Most of the players are roaring with laughter, but Mike Easler sits quietly in front of his locker pondering which pair of shoes to wear for today's game against the Cubs: the spiffy-looking patent leathers that hurt his feet or an uglier pair that is infinitely more comfortable. Two lockers away, Lee Lacy is also sitting quietly, oiling a new glove. Easler thinks the glove is nice and tells Lacy so. Lacy thanks Easler and offers an opinion on the shoes.
The brief interchange is just small talk, but implicit is the respect and appreciation the two men have for each other. Heretofore both had been peripheral players. Now that they are having outstanding seasons of their own, their journeyman past has become a sort of bond.
The 29-year-old Easler started only three games last year, but by week's end he had started 67 in 1980 and led the Pirates with a .358 average and 14 home runs. The 31-year-old Lacy, hobbled by injuries a year ago, had started 47 games and was right behind Easler with a .353 average. Among National League hitters with 200 or more at bats, nobody else was close. Manager Chuck Tanner, never one given to understatement, says, "When they share the position, we have the best leftfielder in the league."
Though Easler, who bats left, and Lacy, who bats right, have been platooning in left, their ability to play other positions has been instrumental in keeping the Pirates at or near the top of the NL East. When last year's leftfield tandem, John Milner and Bill Robinson, struggled at the plate early this season, Easler and Lacy filled the breach. When Dave Parker recently hurt his left knee and missed five games, Easler took over in rightfield, which meant that both hot bats were in the lineup.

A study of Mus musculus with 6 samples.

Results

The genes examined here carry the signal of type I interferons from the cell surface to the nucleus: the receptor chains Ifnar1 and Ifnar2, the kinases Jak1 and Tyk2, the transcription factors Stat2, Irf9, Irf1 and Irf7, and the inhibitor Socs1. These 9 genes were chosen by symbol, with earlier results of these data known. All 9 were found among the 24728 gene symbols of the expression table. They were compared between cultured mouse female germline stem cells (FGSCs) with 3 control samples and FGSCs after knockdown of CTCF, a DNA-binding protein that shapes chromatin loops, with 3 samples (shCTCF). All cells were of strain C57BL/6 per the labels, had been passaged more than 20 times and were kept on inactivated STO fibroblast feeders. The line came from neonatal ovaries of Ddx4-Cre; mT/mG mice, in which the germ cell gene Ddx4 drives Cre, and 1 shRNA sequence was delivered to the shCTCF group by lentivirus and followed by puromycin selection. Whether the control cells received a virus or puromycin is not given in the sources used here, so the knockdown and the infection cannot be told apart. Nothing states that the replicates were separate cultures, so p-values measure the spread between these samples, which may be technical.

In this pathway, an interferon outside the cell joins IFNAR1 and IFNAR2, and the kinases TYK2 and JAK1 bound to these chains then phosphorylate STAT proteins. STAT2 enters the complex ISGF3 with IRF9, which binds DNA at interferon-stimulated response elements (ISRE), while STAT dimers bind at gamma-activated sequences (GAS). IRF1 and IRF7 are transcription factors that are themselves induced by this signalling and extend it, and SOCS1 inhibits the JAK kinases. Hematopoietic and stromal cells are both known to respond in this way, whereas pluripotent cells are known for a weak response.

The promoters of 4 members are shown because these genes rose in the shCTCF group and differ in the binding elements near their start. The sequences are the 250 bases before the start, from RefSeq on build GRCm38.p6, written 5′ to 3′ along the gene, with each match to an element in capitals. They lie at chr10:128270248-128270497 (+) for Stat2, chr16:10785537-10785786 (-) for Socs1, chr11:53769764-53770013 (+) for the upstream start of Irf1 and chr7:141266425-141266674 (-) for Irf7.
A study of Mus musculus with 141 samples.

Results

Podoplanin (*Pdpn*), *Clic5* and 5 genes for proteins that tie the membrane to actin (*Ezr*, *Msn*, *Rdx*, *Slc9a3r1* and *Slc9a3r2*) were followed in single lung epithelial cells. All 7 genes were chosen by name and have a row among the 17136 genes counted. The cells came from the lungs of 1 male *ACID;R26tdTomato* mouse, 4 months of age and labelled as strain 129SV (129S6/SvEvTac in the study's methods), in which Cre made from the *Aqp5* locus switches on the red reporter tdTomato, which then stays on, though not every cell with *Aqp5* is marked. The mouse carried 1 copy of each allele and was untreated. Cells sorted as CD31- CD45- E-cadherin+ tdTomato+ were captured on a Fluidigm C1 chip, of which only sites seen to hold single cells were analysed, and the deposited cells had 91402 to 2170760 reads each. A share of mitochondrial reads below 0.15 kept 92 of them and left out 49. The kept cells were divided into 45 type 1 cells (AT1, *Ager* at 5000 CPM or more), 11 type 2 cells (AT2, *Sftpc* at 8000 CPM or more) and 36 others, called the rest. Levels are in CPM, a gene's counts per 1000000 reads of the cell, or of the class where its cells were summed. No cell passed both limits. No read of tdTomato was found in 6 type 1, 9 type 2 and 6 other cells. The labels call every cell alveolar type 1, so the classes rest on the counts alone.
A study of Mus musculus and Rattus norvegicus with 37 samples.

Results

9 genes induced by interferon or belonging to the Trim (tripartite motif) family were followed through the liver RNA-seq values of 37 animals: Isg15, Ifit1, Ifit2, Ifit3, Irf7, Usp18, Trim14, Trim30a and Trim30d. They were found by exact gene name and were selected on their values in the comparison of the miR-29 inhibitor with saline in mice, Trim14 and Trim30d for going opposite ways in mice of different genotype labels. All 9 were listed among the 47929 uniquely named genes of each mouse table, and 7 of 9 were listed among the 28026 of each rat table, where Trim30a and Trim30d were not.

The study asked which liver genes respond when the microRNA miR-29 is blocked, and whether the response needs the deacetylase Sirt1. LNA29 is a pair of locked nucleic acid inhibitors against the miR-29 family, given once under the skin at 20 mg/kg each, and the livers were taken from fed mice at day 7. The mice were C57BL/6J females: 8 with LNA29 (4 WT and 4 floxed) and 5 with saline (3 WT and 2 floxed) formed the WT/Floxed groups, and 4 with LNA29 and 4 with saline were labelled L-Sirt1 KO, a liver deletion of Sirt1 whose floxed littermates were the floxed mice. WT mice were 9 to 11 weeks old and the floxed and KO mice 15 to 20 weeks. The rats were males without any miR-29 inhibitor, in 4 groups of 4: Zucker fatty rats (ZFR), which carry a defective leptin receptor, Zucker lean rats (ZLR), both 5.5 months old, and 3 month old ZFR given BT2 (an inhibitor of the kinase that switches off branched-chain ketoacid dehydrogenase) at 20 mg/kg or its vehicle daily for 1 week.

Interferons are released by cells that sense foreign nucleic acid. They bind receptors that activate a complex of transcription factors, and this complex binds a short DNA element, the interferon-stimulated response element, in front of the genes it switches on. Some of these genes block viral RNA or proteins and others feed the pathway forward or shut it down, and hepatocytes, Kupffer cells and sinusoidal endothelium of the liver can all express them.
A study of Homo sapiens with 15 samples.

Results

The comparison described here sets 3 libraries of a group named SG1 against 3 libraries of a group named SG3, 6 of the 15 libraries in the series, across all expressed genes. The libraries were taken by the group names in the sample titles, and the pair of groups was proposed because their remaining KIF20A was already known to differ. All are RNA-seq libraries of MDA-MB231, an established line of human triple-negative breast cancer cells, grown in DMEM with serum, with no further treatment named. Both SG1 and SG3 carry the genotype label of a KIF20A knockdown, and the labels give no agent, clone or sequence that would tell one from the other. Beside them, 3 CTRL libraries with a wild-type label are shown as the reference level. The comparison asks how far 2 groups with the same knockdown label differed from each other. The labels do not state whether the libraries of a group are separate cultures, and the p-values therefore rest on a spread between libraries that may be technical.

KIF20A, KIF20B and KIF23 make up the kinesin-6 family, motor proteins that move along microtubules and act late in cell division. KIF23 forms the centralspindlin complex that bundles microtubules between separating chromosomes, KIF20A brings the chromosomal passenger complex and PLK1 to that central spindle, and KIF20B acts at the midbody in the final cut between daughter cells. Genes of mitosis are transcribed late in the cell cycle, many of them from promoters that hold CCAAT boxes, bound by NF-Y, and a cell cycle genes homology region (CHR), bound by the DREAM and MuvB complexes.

The two men have a special place in the Pirate fam-a-lee, a reflection of their recent success and of their personalities. Easler, whose batting stroke and .400 average with men in scoring position have earned him nicknames such as "Hit Man" and "Line Drive," is quiet and introspective and credits religion for helping him grow as a ballplayer and as a man.
Lacy is also quiet, but his silence is more a matter of intensity than introversion. When he speaks, his eyes bore in on the listener. He would do great on the stare-downs that often precede title fights. He probably would pack a pretty good punch, too; his teammates say that on the Pirates only Parker is a better athlete. They also admire Lacy's ability to switch positions; he can play second and third as well as the outfield.
" Lee Lacy is the key to this team," Easler says. "His good year has me having a good one." Lacy is equally generous. "Mike is having a great year. It couldn't happen to a more deserving person."
The plaudits have been a long time coming. Easler spent most of his 11 professional seasons in the minors before sticking with the Pirates in 1979, mainly as a pinch-hitter. He expected more of the same this season. "If I worked real hard and had a good spring, I hoped Chuck would play me more," Easler says. "My goal for the season was to start 10 games. I thought if I did that I would be ecstatic." In Easler's first start on April 22 against Montreal, he hit two home runs and had four RBIs in a 5-3 Pirate win. He continued to play regularly, and on June 12, in a 10-6 win over Cincinnati, he hit for the cycle and drove in two runs.
Always an outstanding hitter (six .300-plus seasons in the minors, two AAA batting titles), Easler had been hampered by a lack of adroitness in the field, which, combined with the talent on the teams he was trying to make (e.g., Cesar Cedeno, Lou Brock, Don Baylor, Jim Rice), assured a long wait.